Who are ISIS-K? Offshoot terror group threatening to attack in Afghanistan

Joe Biden warns of 'growing risk' of an attack from ISIS


So who are ISIS-K?

On Tuesday, US President Joe Biden warned of a potential terror attack by ISIS-K.

He said: “Every day we’re on the ground is another day that we know ISIS-K is seeking to target the airport and attack both US and allied forces and innocent civilians.”

But is ISIS-K the same as ISIS? Or a new group altogether?

ISIS-K is an offshoot of ISIS – often referred to as Islamic State or Daesh.

The ‘K’ stands for Khorasan – a region in Afghanistan where the splinter group is based.

A recent United Nations report estimated ISIS-K had “between 500 and 1,200 fighters”, and is expected to grow.

The group is said to be responsible for some of the worst atrocities in Afghanistan in recent years.

One attack at a maternity hospital in Kabul last year killed 24 people including mothers and newborns.

Approximately 100 attacks on Afghan civilians took place between 2015 and 2017 at the hands of ISIS-K, as well as more than 250 on US, Pakistani and Afghan forces in the same period.

The group is led by an Iraqi militant called Shahab al-Muhajir. Previous leaders have been killed or captured by US and Afghan forces.

Worryingly, ISIS-K are believed to have a fractious and hostile relationship with the Taliban, the group which has taken control of Afghanistan and considered by many world powers to be a terrorist organisation itself.

The two groups differ on ideologies and are locked in fierce competition for territory.

ISIS as a whole is anti-Taliban, having opposed how Taliban leaders negotiated with the US in their return to power.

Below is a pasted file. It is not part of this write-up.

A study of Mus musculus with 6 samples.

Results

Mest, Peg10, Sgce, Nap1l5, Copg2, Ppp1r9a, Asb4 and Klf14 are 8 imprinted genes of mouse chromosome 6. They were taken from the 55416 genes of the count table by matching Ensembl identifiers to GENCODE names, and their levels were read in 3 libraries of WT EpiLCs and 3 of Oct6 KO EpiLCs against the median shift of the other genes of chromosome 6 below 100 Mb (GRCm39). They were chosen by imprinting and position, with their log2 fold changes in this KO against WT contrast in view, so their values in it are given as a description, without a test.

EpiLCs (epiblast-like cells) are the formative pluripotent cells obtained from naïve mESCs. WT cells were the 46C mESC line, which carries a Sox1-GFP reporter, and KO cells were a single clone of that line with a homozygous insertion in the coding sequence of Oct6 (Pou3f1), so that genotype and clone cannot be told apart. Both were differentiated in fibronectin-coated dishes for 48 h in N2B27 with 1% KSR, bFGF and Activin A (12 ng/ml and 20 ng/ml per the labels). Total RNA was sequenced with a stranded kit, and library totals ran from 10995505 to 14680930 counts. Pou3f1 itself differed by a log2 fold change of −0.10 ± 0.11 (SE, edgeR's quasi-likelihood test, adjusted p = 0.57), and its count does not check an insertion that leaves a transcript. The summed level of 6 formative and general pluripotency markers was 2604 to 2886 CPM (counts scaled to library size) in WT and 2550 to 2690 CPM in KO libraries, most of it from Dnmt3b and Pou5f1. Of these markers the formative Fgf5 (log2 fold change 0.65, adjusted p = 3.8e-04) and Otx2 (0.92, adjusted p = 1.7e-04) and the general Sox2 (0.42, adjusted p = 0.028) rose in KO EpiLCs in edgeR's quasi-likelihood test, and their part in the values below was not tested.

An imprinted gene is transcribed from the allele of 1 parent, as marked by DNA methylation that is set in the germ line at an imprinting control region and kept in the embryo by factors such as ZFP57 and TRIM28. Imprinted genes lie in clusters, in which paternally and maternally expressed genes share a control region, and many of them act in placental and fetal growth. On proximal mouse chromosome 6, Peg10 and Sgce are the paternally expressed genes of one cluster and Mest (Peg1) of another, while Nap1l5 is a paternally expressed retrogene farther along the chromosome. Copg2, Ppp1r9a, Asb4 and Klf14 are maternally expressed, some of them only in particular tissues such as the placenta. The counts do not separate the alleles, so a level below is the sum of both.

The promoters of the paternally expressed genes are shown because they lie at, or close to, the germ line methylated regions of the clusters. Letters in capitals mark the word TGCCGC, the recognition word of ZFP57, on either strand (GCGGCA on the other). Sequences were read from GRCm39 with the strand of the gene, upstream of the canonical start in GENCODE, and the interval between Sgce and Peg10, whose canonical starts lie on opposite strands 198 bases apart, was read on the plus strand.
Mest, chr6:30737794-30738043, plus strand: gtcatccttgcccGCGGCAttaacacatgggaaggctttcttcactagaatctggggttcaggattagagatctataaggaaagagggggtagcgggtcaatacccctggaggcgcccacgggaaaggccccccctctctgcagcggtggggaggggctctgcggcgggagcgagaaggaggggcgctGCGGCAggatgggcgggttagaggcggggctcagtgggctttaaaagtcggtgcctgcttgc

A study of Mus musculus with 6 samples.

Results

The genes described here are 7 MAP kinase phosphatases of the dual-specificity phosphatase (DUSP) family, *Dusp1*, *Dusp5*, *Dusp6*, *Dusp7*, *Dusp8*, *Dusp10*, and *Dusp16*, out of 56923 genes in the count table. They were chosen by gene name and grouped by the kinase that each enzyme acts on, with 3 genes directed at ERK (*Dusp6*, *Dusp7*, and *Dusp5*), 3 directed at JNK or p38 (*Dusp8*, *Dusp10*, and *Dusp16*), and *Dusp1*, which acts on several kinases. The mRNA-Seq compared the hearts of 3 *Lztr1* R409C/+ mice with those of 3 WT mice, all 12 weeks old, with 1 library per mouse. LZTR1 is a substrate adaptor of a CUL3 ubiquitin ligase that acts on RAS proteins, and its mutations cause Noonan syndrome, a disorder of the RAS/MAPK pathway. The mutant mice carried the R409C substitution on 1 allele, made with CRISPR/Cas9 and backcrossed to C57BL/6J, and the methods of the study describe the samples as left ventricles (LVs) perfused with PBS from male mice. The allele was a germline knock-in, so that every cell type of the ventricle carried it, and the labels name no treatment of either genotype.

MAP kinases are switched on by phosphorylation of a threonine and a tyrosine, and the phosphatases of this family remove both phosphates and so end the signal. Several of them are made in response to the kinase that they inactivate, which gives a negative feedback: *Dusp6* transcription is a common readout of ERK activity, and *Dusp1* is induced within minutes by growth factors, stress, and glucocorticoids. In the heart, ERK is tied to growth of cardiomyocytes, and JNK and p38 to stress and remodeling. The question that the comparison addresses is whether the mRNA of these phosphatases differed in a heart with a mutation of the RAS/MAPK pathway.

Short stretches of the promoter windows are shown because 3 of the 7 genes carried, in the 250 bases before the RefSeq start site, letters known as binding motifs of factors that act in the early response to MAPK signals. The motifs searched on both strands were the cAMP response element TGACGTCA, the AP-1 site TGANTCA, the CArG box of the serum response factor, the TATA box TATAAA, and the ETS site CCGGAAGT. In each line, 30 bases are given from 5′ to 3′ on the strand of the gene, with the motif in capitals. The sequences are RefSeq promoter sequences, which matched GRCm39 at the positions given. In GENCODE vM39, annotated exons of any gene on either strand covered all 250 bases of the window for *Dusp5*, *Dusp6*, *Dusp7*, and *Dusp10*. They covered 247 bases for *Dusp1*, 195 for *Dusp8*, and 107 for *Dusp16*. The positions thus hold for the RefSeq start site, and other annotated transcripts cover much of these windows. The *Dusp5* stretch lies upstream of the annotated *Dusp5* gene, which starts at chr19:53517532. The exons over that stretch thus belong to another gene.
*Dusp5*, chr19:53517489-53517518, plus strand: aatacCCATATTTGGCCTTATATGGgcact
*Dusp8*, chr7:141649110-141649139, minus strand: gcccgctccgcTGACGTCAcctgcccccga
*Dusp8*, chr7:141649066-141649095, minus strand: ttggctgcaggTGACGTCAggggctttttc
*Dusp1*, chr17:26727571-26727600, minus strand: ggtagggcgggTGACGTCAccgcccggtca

A recent editorial in an ISIS newsletter claimed that the Taliban takeover of Afghanistan was a US-backed conspiracy and denied the group was true jihadists.

US intelligence officials believe that some of ISIS-K’s recruits are Taliban defectors, while there have been unconfirmed reports of the Taliban executing at least one senior ISIS-K figure since taking over Afghanistan.

If ISIS-K were to attack Kabul airport, it would have the double effect of harming western forces, while at the same time undermining the authority of Afghanistan’s incoming Taliban rulers.

Jake Sullivan, Joe Biden’s national security adviser, said the threat of an ISIS-K attack is “real, acute” and “persistent”.

He said: “It is something that we are focused on with every tool in our arsenal.”

And UK Armed Forces Minister James Heappey told BBC News on Thursday morning the intelligence was “incredibly imminent and lethal”.

“We are not just being overly cautious,” he said.